The comfort zone: "His 'time for change' closing argument in this moment of national anxiety focuses heavily on the economic issues that are at the core of voter concerns right now, skipping quickly past the questions of war and peace that animated his campaign when it started nearly two years ago," Peter Baker and Jeff Zeleny write in The New York Times.
"The closing Obama speech is cautious, calibrated to cement the inroads he has made with voters whose comfort level with him has grown," they write. "Even as he sums up the case for his candidacy, Mr. Obama is seeking to defuse any remaining uncertainty about electing a largely untested first-term senator and dispel his critics' depiction of him as an inexperienced, unproven leader who would raise taxes, redistribute wealth and go soft on terrorists."
Sealing the deal? "Obama's use of his campaign cash and of Clinton comes as the Illinois senator looks to hold on to his substantial lead in polls nationwide and in a number of battleground states, including several where a Democratic presidential nominee has not won in years. If Obama can sustain his momentum for six more days, he will be well positioned to win the presidency with a large mandate from voters," Scott Helman writes in The Boston Globe.
"As for Obama himself, he must maintain his steady, cool demeanor, which, ironically, was once viewed as a political liability. But now it has come to symbolize the candidate's sure hand in the middle of the greatest economic crisis since the Great Depression," Sridhar Pappu writes in the Washington Independent.
On the deal he's trying to close: "Barack Obama has pulled ahead in enough states to win the 270 electoral votes he needs to gain the White House -- and with states to spare -- according to an Associated Press analysis that shows he is now moving beyond typical Democratic territory to challenge John McCain on historically GOP turf, " the AP's Liz Sidoti writes.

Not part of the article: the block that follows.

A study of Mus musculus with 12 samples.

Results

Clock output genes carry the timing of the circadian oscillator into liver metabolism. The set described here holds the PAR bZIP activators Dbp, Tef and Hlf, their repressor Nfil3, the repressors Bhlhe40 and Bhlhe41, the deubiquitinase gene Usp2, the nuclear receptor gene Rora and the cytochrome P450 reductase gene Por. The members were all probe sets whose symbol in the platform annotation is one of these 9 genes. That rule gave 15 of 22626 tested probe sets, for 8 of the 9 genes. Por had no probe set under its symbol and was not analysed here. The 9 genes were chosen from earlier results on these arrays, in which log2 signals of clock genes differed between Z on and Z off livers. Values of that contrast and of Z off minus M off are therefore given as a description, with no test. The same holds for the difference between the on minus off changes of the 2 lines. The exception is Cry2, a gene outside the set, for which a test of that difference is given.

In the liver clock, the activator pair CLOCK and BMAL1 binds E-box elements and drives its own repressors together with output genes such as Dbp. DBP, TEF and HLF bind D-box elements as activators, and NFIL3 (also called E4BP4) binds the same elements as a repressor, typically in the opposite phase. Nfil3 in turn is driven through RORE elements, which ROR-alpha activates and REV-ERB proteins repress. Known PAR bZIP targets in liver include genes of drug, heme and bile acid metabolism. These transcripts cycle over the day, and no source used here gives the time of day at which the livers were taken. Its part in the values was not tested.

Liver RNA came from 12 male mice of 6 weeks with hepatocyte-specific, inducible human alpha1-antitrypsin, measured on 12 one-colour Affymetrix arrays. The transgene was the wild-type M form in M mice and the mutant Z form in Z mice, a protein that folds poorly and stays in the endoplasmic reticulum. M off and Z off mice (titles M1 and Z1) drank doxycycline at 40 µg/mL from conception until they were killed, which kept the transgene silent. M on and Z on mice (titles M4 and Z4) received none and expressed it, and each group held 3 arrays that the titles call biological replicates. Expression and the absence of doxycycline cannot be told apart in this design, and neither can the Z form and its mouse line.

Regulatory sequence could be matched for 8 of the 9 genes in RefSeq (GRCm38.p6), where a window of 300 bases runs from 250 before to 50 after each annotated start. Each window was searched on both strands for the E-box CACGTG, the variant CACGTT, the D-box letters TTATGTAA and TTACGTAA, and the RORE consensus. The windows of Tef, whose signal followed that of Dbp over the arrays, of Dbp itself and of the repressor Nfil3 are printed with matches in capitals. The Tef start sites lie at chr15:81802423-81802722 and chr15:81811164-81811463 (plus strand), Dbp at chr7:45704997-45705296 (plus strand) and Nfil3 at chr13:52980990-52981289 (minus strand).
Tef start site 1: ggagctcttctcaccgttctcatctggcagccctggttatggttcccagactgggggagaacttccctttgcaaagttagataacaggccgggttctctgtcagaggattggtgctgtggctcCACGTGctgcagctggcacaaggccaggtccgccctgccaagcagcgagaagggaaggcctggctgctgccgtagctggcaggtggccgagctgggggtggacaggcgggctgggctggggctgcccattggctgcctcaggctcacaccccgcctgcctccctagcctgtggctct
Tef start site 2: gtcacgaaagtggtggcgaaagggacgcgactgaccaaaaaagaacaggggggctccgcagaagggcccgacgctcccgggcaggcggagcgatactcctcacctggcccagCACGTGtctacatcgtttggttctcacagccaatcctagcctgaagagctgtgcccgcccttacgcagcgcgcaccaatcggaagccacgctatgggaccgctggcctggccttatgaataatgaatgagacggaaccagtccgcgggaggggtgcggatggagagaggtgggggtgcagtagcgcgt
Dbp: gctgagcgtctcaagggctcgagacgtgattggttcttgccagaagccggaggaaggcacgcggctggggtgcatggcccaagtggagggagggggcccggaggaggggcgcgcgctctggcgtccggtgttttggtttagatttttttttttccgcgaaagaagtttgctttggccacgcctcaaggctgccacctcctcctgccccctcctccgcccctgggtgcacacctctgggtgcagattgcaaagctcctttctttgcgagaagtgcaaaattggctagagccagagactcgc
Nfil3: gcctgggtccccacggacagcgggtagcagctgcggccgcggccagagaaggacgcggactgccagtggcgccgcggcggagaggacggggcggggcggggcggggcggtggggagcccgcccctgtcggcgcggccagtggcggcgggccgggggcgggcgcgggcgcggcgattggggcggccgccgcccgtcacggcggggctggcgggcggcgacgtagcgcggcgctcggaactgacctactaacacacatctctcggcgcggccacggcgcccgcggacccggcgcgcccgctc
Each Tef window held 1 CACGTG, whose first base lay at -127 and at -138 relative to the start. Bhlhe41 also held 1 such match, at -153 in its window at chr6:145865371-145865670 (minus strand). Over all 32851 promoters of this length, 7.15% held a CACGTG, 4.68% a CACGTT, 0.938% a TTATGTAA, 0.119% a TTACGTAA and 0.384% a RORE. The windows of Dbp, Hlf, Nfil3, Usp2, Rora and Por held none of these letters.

"Even if McCain sweeps the six states that are too close to call, he still seemingly won't have enough votes to prevail, according to the analysis, which is based on polls, the candidates' TV spending patterns and interviews with Democratic and Republican strategists," Sidoti continues. "McCain does have a path to victory but it's a steep climb: He needs a sudden shift in voter sentiment that gives him all six toss-up states plus one or two others that now lean toward Obama."
George Will waves a flag for McCain: "From the invasion of Iraq to the selection of Sarah Palin, carelessness has characterized recent episodes of faux conservatism. Tuesday's probable repudiation of the Republican Party will punish characteristics displayed in the campaign's closing days."
David Broder joins him: "McCain was handed a terrible political environment by the outgoing Bush administration -- a legacy of war, debt and scandal that would have defeated any of the other aspirants for the nomination. But because McCain could not create a coherent philosophy or vision of his own, he allowed Obama and the Democrats to convince voters of a falsehood: that electing McCain would in effect reward Bush with a third term."